1 What is Melanoma?

Melanoma also known as malignant melanoma is a fatal type of cancer that develops from the pigments containing cells which are melanocytes.

It produces melanin which gives color to your skin. It occurs in the skin but sometimes in can also occur in your mouth.

It can also occur in your eyes, back and legs. Often times they occur in your mole.

There are no known causes of melanoma but experts say that if you are exposed to ultraviolet radiation from the tanning lamps and beds or sunlight, you will likely have this disease. You should not expose yourself to too much ultraviolet radiation so you will not have melanoma.

This disease is increasing in women especially when they are less than 40 years of age. You should be aware of the symptoms and signs of melanoma so you can have treatment as soon as possible.


Melanoma symptoms may appear in many forms on the skin. It is important to check in with your dermatologist regularly.

Malignant melanoma can occur anywhere in your body but mostly on the surfaces of your skin that have a lot of exposure to the ultraviolet radiation or sunlight such as the arms and legs, face and back or nape.

There are also hidden melanomas usually from people who have darker skins and can develop in areas such as palms of your hands, fingernail beds, and soles of your feet.

Melanoma does not always start as a mole, but a change in an existing mole which develops a new unusual looking growth in your skin can be the first sign that you have melanoma.

If you have a black, brown or tan mole, it is called normal mole. Normal moles are round and mostly smaller like around ¼ inch (6 millimeters) in diameter.

A lot of people have more than 10 moles all over their body that occurs around when you are 50 years of age. Other moles may grow but some may disappear while growing up.

3 Causes

There are no known causes of melanoma.

Malignant melanoma may develop when there is something wrong with the melanocytes.

New cells may begin to grow out of control and can eventually form a mass of cancerous cells if DNA damage develops in some of the cells.

Experts say that a combination of genetic and environmental factors might be one of the reasons melanoma, but the biggest factor is the exposure to ultraviolet radiation.

4 Making a Diagnosis

If you are suspecting that you have melanoma go and see a doctor to receive a diagnosis. You can ask a family member of a friend to accompany you.

You may ask the doctor questions such as:

  • What are the symptoms that you are experiencing?
  • For how long are you experiencing this signs and symptoms?
  • Does anyone in your family have this?
  • What vitamins, supplements, and medications are you taking every day? 

You may also ask the doctor such as:

  • Do I have a melanoma?
  • How severe is my melanoma?
  • Is it going to spread all throughout my skin?
  • What laboratory tests or exams I need to take?
  • Are there treatments?
  • What kind of treatments?
  • What kind of medications?
  • What will be the side effects of these treatments?
  • Can it be cured totally?
  • Should I see a specialist? 

Most likely you will be referred to a dermatologist that specializes in skin diseases or an oncologist that specializes in cancer treatments. Ask your doctor if you need periodic screening.

Melanoma Cancer

5 Treatment

Treatments for melanoma includes:

  • Surgery: they will get a small melanoma during biopsy or cancer itself will be removed entirely so that the affected lymph nodes may also be removed.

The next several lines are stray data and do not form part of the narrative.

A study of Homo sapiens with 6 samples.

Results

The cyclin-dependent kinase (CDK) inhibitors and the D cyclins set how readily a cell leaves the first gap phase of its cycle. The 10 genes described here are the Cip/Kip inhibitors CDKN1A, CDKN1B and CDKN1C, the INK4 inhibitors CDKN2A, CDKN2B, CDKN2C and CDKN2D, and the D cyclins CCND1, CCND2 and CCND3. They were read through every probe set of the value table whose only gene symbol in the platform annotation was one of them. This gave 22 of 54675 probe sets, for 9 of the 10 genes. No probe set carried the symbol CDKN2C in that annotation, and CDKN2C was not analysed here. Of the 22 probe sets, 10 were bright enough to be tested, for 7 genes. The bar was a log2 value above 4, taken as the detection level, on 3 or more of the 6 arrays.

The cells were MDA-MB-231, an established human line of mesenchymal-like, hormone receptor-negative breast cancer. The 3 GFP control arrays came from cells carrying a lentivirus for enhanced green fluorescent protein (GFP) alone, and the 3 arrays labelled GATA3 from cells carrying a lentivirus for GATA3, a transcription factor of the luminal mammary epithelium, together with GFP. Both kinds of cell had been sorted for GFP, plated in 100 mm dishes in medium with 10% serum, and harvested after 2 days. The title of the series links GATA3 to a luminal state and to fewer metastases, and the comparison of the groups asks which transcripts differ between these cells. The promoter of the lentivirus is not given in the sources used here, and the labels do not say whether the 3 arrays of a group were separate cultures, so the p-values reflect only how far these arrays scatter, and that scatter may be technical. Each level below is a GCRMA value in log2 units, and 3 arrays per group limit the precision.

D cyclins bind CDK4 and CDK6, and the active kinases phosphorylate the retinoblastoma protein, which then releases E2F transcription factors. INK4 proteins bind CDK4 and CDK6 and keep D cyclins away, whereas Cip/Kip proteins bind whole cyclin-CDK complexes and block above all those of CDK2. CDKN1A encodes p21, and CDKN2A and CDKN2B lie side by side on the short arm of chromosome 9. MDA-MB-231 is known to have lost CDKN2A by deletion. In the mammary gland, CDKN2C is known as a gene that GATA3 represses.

• Chemotherapy which uses drugs to destroy cancer cells.
  • Radiation therapy that uses high-powered beams to kill cancer cells and it may also be used to relieve signs of melanoma.
  • Biological therapy to help your body fight cancer because biological therapy boosts your immune system.
  • Targeted therapy that allows you to use medicines for the cancer cells. The side effects include fever, dizziness, fatigue, chills with flu, muscle, and headaches.

6 Prevention

To prevent having melanoma by avoiding the sun especially between 10 am – 4 pm, you can schedule outdoor activities during after 4pm or before 10 am.

Avoiding the sun also prevents you from having sunburns and suntans that cause different kinds of skin disease and increase the risk of you having skin cancer.

Avoid tanning beds and lamps too. Wear sunscreen every day with an SPF of 15 for sun protection.

A water-resistant sunscreen with an SPF of at least 30 is recommended by the American Academy of Dermatology.

Protect your skin with clothes or use caps and sun visors and hats.

You can also use sunglasses for your eyes. Examine your skin regularly.

7 Lifestyle and Coping

Lifestyle modifications are necessary in order to prevent having melanoma.

The sunlight can harm your skin. If you are going out make sure that your skin is protected.

Apply sunscreen to your skin with an SPF of at least 15. Wear protective clothing, cover your skin with dark clothing that covers your entire arms and legs.

Wear caps and sun visors and hats. Use an umbrella so that your entire body will be covered from the sunlight.

Also, use sunglasses for your eyes. If you feel that you cannot take the heat outside, might as well stay indoors.

Do not go often to tanning salons. Bring water so that when you will not be dehydrated.

8 Risks and Complications

Some factors that may increase the risk of melanoma:

  • if you have a history of sunburn, moderate or severe sunburn
  • fair skin because the fair skin has less melanin meaningless protection from ultraviolet radiation
  • if you are living at a higher elevation or near the equator because the sun’s rays are more directed towards that area
  • if you have a lot of moles
  • excessive ultraviolet radiation which comes from tanning beds and lamps
  • a history of melanoma in your family and weakened the immune system.